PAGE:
Driving the French countryside a pleasure
As it transpires Christian Peugeot is rather a nice chap. Not at all grand, a bit diffident at first, he warmed up at the unlikeliest of topics.
Deposited at the Peugeot Museum, I’d whipped through the early cars, the rifles, pepper-grinders and tools and secreted myself happily among the motorcycles, where I was busy filling the memory card on my camera when Mister Peugeot and his far more dashing minder appeared. Turns out Mister Peugeot rides a Triumph Bonneville, while his Asia Pacific man has an MV Agusta Brutale – a bike with pure sex for a soundtrack.
Naturally the conversation shot directly to two wheels, unfortunately for the bored minder, but fortuitously for us. The ten-minute ‘Kiwis interview the boss’ segment turned into seats at his dinner table; the bonus, a long chat over coffee the next day and a drive to the airport chauffeur-driven by Mister Peugeot himself.
Now, I could have assumed he was doing the typical French flirting thing, but he was just too nice. He’s the eighth generation Peugeot to be involved in the company since 1810, the fourth since the wider family shares came under the umbrella of Robert, “that is why we are not too numerous,” he said. There are three Peugeot men and one woman on the advisory board, plus two cousins; the other six are not related, to ensure independent experts also man the helm.
Christian was keen to make sure I appreciated just having the right name doesn’t guarantee a future – indeed it couldn’t, or the company wouldn’t survive. It’ll get you a job. What you do with that opportunity is up to you. Of Christian’s three sons one is in the business, one a pilot and the youngest, well, he hasn’t made his mind up yet.
As the conversation wandered from bikes to rugby, to cars and kids, I was free to explore the nicely-built interior, with its pleasant materials and ambience. And to be reminded how much I’d liked it driving this car the previous day.
Its 307 predecessor hadn’t done much for me, though it boosted local sales by 60%. It was a pioneer of the high-roofline, boxy shape that creates a roomy interior within a relentlessly sensible outline. Which meant the 307 was little more than a tarted-up Corolla with some nice diesel engines and a bit of ersatz garlic to give it flavour. Its already uninspiring demeanour wilted further when the 207 arrived, with its sharp lines and thrusting nose.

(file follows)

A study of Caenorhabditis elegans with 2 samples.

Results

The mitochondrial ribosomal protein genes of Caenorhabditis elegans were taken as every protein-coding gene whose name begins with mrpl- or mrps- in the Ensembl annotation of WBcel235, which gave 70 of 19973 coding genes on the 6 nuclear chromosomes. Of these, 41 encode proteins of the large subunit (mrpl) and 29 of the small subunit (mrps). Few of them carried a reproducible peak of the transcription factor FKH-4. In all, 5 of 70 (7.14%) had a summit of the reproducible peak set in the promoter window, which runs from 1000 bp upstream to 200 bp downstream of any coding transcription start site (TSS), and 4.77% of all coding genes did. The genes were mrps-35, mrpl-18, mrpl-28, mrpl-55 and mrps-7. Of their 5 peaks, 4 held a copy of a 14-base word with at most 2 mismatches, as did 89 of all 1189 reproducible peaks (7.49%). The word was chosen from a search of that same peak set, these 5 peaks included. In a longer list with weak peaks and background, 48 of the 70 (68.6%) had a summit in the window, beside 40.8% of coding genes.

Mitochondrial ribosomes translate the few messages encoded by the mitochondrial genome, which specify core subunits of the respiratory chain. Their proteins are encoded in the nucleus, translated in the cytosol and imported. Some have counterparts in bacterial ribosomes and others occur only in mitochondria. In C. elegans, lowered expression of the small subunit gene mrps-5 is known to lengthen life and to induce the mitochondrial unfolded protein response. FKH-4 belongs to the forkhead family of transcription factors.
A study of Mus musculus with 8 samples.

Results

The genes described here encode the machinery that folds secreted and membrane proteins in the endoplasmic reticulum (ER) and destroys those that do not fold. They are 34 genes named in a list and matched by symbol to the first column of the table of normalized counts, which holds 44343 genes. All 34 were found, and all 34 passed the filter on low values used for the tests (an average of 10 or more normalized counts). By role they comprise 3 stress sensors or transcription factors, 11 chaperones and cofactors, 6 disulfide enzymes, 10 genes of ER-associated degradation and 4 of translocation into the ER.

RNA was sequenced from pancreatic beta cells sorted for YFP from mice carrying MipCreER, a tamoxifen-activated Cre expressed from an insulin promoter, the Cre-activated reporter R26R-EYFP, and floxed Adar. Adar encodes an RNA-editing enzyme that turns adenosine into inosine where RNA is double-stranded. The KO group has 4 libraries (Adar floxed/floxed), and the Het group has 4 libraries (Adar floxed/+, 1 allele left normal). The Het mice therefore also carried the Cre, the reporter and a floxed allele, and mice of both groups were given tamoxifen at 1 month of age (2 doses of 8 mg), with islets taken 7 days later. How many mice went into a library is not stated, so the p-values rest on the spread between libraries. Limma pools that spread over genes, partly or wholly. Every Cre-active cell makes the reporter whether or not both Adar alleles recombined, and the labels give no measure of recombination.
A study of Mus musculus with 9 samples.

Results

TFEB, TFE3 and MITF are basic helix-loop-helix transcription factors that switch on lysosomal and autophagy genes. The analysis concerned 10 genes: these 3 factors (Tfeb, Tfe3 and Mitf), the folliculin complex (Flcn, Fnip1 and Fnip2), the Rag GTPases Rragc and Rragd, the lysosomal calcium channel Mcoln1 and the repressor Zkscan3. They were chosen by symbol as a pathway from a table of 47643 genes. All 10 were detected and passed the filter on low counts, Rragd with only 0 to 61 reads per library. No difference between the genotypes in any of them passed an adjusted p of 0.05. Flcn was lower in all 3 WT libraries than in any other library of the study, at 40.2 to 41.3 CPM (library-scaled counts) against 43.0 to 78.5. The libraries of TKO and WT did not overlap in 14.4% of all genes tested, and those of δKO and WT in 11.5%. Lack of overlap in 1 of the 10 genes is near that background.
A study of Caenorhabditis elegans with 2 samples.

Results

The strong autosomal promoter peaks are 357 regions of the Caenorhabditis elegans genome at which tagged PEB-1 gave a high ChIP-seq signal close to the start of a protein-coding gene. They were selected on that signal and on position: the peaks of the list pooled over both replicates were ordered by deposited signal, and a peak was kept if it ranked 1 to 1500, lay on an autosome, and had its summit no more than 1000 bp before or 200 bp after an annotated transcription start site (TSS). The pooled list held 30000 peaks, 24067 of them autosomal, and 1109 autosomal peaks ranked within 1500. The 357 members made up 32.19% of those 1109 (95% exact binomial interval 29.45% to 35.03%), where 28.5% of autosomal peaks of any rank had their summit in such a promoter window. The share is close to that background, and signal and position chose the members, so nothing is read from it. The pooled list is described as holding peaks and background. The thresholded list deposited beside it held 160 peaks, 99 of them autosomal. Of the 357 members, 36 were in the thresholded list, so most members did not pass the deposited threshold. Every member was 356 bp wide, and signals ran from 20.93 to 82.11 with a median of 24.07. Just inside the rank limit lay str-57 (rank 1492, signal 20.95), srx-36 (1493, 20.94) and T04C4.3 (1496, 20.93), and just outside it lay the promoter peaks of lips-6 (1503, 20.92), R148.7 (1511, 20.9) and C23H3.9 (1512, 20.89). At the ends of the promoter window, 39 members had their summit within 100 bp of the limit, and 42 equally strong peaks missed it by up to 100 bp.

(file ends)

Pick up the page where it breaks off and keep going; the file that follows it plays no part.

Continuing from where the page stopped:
So it was with pleasure that I saw the 308 follows the smaller car’s cues with a slightly lower roofline, a longer, wider body and track on the same wheelbase, and that thrusting nose which ensures this is one car that won’t be a wallflower.
Those dimensions offer dynamic advantages too. The 308 isn’t a sports car, but the wider track, the stiffer body with its lower centre of gravity, and the revised MacPherson strut front and torsion beam rear suspenders did rather a good job on the roads we encountered. Yes, there was moderate body roll, but ride proved comfortable and even plush – indeed suspension compliance was impressive, particularly given the wide variety of surfaces on our test loop.
We left our chateau to gambol in the vineyards, to switchback up through forested hills with golden leaves glittering in the soft autumn light; we wound through tiny villages fringed by geraniums, and even detoured through an orchard and vineyard (the suspension took even rocky gravel in its stride) before swooping back into the valley and home.
What sharpened the pleasure was how good the engines are, especially the 1.6-litre turbo, with a torque spread so wide you could virtually sit in one gear. These petrols are co-developed with BMW and sell alongside the usual line-up of excellent diesels, all paired with particulate filters.
The 1.6-litre diesel was perhaps better suited to the manual gearbox in these conditions, shame it won’t arrive here as it won’t come mated to an auto. We’ll get the 100kW, 340Nm 2.0-litre diesel, the 88kW/160Nm petrol and that 1.6T with its twin scroll turbo and 110kW plus 240Nm of torque.
NZ is feeling confident about this car and its future. With sales bundled alongside Australia’s and higher than Japan, we’ve now got some bargaining clout with head office. Plus there’s that extra factor – the French love rugby, and especially the All Blacks.
Shame that couldn’t protect us from a price rise – though the car’s standard features list will increase to suit.
Apart from the big stuff there are lots of neat little touches, like a storage tray hidden within the parcel shelf and accessible from the boot or rear seats; an innovative range of interior colours; boot-mounted bag hooks – frivolous, until you’ve used them.
There’s even a scent diffuser and a 30GB hard drive as well as more sensible fare like ABS brakes with EBA, ESP stability control standard on all but the base cars and seven airbags – contributing to a five-star Euro NCAP crash test rating (not to mention the four-star pedestrian and three-star child protection result).
We’ll even get the lane departure warning that vibrates the seat squab if you stray across a white line. How does it work? Christian fumbles round the wheel, fails to find the switch and expresses helpless embarrassment. That he can’t find it is not surprising, it turns out, as it’s not fitted to our launch cars. But there’s no bluster from Peugeot’s VIP – he apologies, smiles sweetly, and leaves me at the airport with a final pressing invitation to sample his beloved bike. An unassuming man, but clearly a nice one. Bit like his car.
I’ll be meeting the latter again quite soon – it arrives at NZ dealers in February 2008, with early models landing in time for Christmas. As for the former, he’ll be here for the 2011 rugby world cup. Best make sure I’ve got a bike for him to ride.